Q&A with Vaila Shoes founder and CEO Ahriana Edwards


Charlotte native Ahriana Edwards struggled to find dress shoes in her size for over a decade.

She recalled being frustrated over finding dress shoes her size after going into multiple stores.

With encouragement from her significant other, Edwards launched Vaila Shoes during the pandemic when the world’s chaos was at an “all-time high.”

Vaila’s name stems from the word “available” and carries shoe sizes starting at size 9 and going up to size 14.

The business is currently online only.

QCity Metro spoke with Edwards to learn more about her and her business.

The answers below have been edited for length and clarity.

Finding clothing that fits is an uphill battle for women in general. Why shoes specifically?

I’ve been dealing with not being able to find shoes for over a decade. There have been strides in the fashion industry; there are more plus-size options. But shoes are forgotten. It’s always a hassle going to find them, dress shoes specifically.

I, along with millions of other women, struggle with this. I thought it was perfect for me to create a footwear brand for us, by us. 

What is your business connection to Charlotte?

I was born and raised in Charlotte and went to school in Fayetteville. My business is registered in Charlotte, and all of my family is from there. 

Photo courtesy of Ahriana Edwards

What does a day running Vaila shoes look like for you?

I check emails, check order management and follow up with customers.  

I’m always monitoring social media. We’re focusing on, and have been doing very well at, building a community of women that talk about the problems we face not finding our shoe size. 

Then I check in with my intern who helps me with the email newsletters I send to clients.

I spend most of my time communicating with my manufacturer to make our Fall line of shoes.

What’s your approach to designing and manufacturing your shoes?

We take a sustainable approach in the way we design our shoes. 

My manufacturer has a lot of shoes sitting around that they don’t sell or don’t use, so we upcycle a lot of those styles. We change colors, moderate it, and put something there to make it modern.

My shoe designs are modern and professional, like the type of shoes seen on many shows like “Being Mary-Jane” or “Selling Sunset.”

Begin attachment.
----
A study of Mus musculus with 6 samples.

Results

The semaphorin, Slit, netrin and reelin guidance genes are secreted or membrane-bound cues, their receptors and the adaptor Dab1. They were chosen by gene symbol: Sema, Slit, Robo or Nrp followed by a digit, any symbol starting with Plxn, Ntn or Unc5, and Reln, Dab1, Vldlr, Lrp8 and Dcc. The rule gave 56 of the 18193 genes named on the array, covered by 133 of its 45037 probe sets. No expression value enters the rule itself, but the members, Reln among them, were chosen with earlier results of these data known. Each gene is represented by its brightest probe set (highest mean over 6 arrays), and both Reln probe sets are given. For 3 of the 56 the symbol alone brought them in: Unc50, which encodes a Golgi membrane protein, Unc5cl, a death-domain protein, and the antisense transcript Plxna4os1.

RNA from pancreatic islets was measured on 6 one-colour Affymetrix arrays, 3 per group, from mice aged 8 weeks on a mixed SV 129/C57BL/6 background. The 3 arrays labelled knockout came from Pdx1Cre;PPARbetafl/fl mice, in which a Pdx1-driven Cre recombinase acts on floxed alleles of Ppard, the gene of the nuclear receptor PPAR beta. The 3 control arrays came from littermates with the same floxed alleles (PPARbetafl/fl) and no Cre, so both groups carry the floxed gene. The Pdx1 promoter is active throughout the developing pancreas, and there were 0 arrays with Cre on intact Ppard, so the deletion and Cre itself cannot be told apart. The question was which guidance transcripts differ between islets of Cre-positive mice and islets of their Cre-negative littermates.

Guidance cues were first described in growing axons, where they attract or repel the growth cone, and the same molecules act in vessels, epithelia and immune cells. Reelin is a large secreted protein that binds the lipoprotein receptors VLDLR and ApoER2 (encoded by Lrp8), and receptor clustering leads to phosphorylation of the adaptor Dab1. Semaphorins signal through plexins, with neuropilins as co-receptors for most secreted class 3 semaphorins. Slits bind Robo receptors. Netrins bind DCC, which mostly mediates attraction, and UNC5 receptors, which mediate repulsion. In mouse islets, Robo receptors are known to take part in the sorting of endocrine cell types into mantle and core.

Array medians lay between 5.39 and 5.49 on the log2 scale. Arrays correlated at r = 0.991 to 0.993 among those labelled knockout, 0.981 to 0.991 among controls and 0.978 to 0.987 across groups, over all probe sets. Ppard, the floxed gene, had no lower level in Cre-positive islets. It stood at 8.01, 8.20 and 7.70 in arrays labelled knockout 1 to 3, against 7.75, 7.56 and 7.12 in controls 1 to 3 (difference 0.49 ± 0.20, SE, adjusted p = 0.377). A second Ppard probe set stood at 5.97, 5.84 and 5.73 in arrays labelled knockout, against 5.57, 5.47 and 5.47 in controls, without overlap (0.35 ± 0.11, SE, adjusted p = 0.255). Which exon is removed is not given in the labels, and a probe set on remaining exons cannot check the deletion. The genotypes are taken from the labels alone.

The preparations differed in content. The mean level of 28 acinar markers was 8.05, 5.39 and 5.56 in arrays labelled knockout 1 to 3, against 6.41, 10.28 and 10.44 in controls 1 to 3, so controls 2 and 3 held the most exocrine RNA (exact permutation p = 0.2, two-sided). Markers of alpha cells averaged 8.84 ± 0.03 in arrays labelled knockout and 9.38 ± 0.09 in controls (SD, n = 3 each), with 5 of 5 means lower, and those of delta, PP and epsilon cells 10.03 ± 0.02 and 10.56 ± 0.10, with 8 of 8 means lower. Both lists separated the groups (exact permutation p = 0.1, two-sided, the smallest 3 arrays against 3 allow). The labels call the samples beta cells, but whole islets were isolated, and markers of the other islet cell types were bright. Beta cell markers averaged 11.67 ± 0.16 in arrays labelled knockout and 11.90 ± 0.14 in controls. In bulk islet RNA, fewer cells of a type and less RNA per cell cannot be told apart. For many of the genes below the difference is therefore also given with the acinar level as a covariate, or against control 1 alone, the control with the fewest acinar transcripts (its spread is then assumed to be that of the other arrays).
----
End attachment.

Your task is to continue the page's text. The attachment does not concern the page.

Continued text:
Photo courtesy of Ahriana Edwards

Did you always want your business to be sustainable?

Yes. That was how I could start the business and have it cost-efficient because you don’t have to pay for extra moldings to build a complete shoe from scratch.

You mentioned this field is very male-dominated. How did you navigate launching this business as a Black woman?

Most of the obstacles came from pitching. I was a Black woman, pitching a company for women with larger shoe sizes. Most of the individuals on the panels of these pitch competitions were white men, they could not understand the frustration. 

I pivoted and started to talk about my company in ways men could understand. I asked them to imagine they didn’t have any dress shoes to wear to their most important meeting of the year. 

I was also connecting with other Black women in the footwear industry. In addition to taking classes here and there,  that is how I gained more knowledge about the fashion industry.

I had to be in spaces with and learn from Black women who understood the vision and why I felt the need to create Vaila shoes. 

Photo courtesy of Ahriana Edwards

Do you ever see yourself expanding like beyond shoes?

Shoes are our bread and butter, but ideally, I want Vaila to become a brand for professional women. We’re starting with bigger shoe sizes, but there’s also a lack of petite shoe sizes.

I’ve always thought about like where I could take the business. It won’t only be shoes, but we’re starting at that avenue.

What has been the response from your target demographic?

It’s been amazing. Usually, when you have a larger shoe size, you know someone else who does too, so word has spread like wildfire. 

Some days in entrepreneurship, you’re slow on sales and thinking, “Should I be doing this?” Then you see yourself making a woman’s day because she finally feels beautiful and comfortable in her skin.

That speaks to my soul.

It’s been super fulfilling. We’ve done a lot of pop-up shops and gotten into the LGBTQ community as well. 

That’s another hole within the market. That has been very interesting because that’s where we have a lot of support.  

You’ve mentioned pop-up shops a few times. Do you plan to go brick-and-mortar at some point?

That has always been a goal. We’re looking to sell in stores first and then make a couple of brick-and-mortar stores in the future – starting in the Southeast since it has a larger population of women with bigger shoe sizes.